EVERETT — Global rivals Boeing and Airbus came out gunning Monday, the opening day of the aerospace industry’s premier tradeshow, the Paris Air Show.
Bucking analysts’ expectations of a relatively quiet show, the corporate heavyweights opened with volleys of order announcements, hurriedly racking up deals worth billions of dollars.
The biggest news came early in the day when Boeing officially launched the 737 MAX 10, the largest version of its single-aisle jet. The company quietly has been shopping the narrowbody airplane around since at least March, and it was widely expected to commit to its production during the air show, which runs through June 25.
Boeing said it has more than 240 orders and commitments for the MAX 10 from more than 10 customers around the world. With a sticker price of about $125 million, the deals are worth approximately $30 billion at list prices. (Actual sales prices often are steeply discounted, especially for early customers for a new airplane.)
The aerospace giant also announced orders for 30 787-9s by AerCap, a deal worth $8.1 billion at list price.
Boeing is counting on the 737 MAX 10 to win back some of the single-aisle market slice dominated by Airbus’ A321neo. Prior to Monday, Boeing has struggled to win orders from customers looking for high-capacity, long-range narrowbodies. The smaller MAX 9 has only picked up a couple of hundred orders compared to more than 1,400 for the A321neo.
However, if Airbus execs see the MAX 10 as a warning shot across their company’s bow, they are not letting on in public. Outside Paris on Monday, Airbus’ top salesman, John Leahy, dismissed the MAX 10, saying it would only eat into the already anemic demand for the MAX 9, Reuters reported.
Airbus announced orders for 100 A320neos and 12 A321neos. It also said that it is launching an even bigger version of its superjumbo A380, the A380plus, with room for 575 passengers.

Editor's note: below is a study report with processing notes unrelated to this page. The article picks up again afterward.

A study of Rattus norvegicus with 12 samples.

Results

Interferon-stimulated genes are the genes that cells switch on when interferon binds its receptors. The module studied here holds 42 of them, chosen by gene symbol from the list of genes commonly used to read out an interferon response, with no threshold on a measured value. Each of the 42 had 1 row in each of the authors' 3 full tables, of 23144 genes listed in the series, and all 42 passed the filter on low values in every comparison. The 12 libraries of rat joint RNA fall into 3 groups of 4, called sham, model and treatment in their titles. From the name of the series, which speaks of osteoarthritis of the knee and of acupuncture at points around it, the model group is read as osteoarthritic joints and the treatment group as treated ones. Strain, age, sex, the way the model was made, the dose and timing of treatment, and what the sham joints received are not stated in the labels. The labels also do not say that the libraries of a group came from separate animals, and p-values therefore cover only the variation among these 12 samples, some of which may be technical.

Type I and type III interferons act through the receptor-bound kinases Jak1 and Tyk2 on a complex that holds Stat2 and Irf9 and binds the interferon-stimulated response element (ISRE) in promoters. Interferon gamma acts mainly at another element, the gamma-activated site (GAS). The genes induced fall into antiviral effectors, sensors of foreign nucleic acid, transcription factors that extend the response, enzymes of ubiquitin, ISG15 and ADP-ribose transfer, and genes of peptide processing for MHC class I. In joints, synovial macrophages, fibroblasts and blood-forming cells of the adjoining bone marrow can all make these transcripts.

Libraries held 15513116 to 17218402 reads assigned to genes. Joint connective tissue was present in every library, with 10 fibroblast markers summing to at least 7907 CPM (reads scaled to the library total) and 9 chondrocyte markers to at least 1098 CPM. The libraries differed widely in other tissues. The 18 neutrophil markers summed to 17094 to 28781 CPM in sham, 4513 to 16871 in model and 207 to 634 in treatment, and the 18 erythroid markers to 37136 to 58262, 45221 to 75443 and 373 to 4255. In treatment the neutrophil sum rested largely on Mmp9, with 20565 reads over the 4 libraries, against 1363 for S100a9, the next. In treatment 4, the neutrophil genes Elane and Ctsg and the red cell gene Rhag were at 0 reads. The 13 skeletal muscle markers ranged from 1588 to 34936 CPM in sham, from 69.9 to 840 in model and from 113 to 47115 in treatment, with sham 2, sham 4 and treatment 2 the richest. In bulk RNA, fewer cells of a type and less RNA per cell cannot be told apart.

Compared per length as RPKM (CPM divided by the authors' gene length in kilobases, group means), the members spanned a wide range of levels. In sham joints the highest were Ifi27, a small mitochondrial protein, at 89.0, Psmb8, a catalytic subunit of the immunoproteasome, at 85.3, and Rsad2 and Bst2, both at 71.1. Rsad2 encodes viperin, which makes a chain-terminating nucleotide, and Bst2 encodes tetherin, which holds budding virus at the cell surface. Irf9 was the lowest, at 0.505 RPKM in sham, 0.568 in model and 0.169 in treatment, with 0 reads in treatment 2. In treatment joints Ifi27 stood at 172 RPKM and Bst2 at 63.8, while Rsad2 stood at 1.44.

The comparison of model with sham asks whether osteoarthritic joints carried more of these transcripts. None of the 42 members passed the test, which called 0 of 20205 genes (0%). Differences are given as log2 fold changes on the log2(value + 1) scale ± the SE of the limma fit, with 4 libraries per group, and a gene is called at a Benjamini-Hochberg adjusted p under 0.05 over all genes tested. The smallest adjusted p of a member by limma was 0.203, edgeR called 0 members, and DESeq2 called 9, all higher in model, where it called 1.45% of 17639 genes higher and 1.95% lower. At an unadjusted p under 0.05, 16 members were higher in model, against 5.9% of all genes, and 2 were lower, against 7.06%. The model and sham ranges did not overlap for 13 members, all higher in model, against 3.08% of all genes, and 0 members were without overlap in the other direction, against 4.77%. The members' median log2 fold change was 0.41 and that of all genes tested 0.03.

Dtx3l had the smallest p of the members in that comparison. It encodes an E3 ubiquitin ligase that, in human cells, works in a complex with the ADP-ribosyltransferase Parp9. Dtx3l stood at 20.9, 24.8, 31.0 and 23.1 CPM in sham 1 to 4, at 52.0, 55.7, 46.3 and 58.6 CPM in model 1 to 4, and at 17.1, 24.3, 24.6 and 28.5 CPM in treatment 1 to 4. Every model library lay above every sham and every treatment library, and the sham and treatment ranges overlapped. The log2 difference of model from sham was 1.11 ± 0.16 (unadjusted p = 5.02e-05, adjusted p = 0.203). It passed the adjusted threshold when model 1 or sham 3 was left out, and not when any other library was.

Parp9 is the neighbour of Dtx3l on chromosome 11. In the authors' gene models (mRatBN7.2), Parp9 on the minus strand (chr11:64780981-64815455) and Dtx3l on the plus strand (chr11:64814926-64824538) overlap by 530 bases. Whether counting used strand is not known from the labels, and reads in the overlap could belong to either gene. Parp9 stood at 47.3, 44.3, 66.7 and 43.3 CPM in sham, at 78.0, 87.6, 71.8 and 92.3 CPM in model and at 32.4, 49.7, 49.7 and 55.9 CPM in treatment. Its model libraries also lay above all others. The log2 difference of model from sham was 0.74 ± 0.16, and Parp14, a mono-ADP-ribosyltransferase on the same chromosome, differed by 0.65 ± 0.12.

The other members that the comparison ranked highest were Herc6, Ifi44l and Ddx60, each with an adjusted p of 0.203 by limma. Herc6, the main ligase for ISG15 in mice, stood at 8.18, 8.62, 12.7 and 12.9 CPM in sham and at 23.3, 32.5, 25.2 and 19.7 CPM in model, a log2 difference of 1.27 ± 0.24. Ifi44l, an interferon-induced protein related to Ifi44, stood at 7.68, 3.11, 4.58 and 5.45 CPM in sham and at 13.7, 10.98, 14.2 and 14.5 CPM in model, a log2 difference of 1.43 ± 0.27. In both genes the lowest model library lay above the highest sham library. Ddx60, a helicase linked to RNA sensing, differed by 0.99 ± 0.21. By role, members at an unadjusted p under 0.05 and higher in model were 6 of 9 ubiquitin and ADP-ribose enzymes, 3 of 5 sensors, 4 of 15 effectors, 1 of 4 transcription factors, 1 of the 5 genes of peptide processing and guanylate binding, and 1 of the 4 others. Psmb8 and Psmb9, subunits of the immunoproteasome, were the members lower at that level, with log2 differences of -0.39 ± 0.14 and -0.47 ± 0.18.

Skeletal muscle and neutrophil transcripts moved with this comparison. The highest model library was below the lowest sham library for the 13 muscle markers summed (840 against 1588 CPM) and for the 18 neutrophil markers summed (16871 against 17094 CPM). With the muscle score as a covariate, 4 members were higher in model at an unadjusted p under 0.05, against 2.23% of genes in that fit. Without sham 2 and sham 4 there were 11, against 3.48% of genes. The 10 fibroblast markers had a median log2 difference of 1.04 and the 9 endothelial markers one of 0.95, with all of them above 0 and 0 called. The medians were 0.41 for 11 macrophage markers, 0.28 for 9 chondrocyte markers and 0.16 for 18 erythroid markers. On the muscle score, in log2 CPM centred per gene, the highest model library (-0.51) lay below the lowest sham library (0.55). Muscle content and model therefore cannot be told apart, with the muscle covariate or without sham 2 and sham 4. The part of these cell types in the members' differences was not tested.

Boeing expects little — if any — demand for superjumbos in the next 20 years, said Randy Tinseth, Boeing Commercial Airplanes vice president for marketing, during a media briefing in early June. “We find it hard to believe that Airbus will be able deliver the rest of their A380s in the backlog.”
“I think the biggest plane in the (jetliner) market moving forward is going to be the 777X,” which is slated to be delivered by 2020, Tinseth said.
In all, the company forecasts global demand for 41,030 jetliners over the next 20 years, a market worth about $6 trillion at current list prices. Boeing released its updated forecast Tuesday.
The company expects the resilient growth in air travel since 1980 to continue in the coming decades. Asia will lead the growth, with China expected to generate about 20 percent of demand for new airplanes, according to Boeing’s Current Market Outlook for 2017 through 2036.
Demand for a middle-of-the-market airplane — larger than a 737 and smaller than a 787 — is expected to tally as many as 4,000 to 5,000 aircraft. The company believes that airlines will need most of those airplanes sooner than later in the next 20 years, Tinseth said.
Think of an airplane that can make it profitable for an airline to fly from Prague to Washington, D.C., and can operate in already crowded areas, such as U.S. transcontinental flights, he said.